I never saw the shark coming. Wading waist-deep on a seemingly endless tidal flat, fishnet in one hand and camera in the other, I was stalking bonefish while pondering how strange it was for me to be fishing in Bandra.
A big splash broke the reverie, and I turned to see my fishing guide, Kishore, sprinting away from me for dear life. Then I saw the shark moving in the other way through grey shallows. It wasn’t a 12-footer great white out to bite my head off, but a harmless two-footer Perlon shark that got trapped when the tide came in.
“Yeah, they come in when the tide comes up and get trapped when we set up the nets,’’ Kishore said, when I caught up with him. “You don’t want to be near that fella, he could take a small chunk of flesh out,” Kishore continued, cringing as if he spoke from experience.
So here we are, tide-fishing—which, I believe, is a weekly affair on the rocky beach that forms the outer rim of Bandra’s Carter Road.
The idea is simple enough for seasoned swimmers: Set up a perimeter of rocks to form small lagoons of water when the tide is low. Swim in there when the tide is high and set up the nets. Kishore’s facial expression changes to a smile as he pulls back his net, this time laden with a catch of silver-coloured fish, with pearl-like eyes. “See,” he tells me as he shows me his catch gleefully, “when the tide is low again, this is the result—fish, fish and more fish.”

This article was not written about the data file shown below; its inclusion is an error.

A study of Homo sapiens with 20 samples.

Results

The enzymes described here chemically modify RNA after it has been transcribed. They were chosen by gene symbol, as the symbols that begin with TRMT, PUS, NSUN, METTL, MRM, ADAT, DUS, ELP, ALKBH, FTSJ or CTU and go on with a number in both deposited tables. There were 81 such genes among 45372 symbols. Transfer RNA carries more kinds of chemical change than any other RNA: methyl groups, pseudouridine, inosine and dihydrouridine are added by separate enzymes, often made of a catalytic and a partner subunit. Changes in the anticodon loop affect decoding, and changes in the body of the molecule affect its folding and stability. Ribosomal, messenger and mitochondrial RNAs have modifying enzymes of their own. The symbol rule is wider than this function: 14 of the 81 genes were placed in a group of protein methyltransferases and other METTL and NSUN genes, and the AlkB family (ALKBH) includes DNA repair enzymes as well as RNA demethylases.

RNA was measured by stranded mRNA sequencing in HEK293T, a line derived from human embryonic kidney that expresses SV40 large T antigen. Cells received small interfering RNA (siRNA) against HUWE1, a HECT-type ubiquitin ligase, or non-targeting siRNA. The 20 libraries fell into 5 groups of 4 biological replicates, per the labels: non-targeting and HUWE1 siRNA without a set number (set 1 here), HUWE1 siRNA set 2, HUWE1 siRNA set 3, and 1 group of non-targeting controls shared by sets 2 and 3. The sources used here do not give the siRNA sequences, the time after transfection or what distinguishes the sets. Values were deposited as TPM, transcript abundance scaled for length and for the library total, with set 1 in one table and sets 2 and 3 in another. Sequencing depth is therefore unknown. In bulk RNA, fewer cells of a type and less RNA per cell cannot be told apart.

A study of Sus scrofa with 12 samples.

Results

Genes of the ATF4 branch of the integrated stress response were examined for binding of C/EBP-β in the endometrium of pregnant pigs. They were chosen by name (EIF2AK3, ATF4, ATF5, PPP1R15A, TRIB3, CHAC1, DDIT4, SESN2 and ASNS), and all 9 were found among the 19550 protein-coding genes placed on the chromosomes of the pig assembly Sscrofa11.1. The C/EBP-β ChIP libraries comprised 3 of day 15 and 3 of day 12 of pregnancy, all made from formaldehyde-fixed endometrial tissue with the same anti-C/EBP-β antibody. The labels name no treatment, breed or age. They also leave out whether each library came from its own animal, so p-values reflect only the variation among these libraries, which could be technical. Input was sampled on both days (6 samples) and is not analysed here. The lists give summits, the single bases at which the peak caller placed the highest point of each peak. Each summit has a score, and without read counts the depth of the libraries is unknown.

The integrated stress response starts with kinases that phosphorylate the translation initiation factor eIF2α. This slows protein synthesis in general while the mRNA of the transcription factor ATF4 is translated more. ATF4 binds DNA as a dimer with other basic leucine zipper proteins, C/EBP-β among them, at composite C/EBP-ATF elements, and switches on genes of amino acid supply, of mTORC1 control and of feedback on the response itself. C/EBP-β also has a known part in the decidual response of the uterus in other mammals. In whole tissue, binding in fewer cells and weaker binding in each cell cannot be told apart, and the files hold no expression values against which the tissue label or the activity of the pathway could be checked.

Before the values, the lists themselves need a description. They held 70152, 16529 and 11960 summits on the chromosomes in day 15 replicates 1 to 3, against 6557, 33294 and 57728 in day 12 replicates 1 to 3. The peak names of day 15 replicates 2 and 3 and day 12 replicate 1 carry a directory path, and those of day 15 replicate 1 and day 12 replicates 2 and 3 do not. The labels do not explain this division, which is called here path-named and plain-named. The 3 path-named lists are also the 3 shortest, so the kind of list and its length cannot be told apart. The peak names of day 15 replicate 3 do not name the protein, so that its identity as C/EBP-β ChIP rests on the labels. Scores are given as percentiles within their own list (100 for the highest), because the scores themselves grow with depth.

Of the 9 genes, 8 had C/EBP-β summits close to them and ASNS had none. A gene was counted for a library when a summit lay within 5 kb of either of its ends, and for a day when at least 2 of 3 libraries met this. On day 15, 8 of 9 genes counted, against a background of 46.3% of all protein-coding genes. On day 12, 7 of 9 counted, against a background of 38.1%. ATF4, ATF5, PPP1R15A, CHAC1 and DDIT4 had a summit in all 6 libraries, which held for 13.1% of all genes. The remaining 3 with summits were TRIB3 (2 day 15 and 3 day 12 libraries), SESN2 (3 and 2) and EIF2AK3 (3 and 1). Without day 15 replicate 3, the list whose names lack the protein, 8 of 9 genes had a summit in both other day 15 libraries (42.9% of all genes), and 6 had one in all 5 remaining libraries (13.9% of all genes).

Kishore is one of Bandra’s invisible residents. The 13-year-old is an immigrant from Gujarat who came to Mumbai a few years ago in search of a better future. His family of six and he live in a shack by the Arabian Sea near Khar Danda, but you’re likely to spot him outside the snazzy cafés and restaurants on Carter Road, cajoling passersby into buying him a chocolate. But, today, he is a fisherboy.
It is fun and therapeutic to observe people doing what seems to them fairly routine, but to you fairly exotic. The cool sea breeze brushing against your brow, the cold sea waters running up to your knees, slippery green moss, sharp barnacle-filled rocks—it definitely doesn’t feel like anywhere near an agglomerated mass of civilization that is Mumbai.
Fishing here has a Darwinian “survival of the fittest” ring to it. As the tide retreats, all you have are pools filled with hundreds upon hundreds of fish—all fighting to live. Men catch them left, right and centre. The kolis (fisherfolk, the original inhabitants of what now is Mumbai city) let the smaller fish back into the sea, and throw the dead fish to the birds.
Ultimately, it was a fruitful evening, despite my close brush with the shark. The fisherfolk left with crates full of fish, and I with a flashcard full of photographs in my digital camera. I’m waiting for another Sunday, when the nets go up again.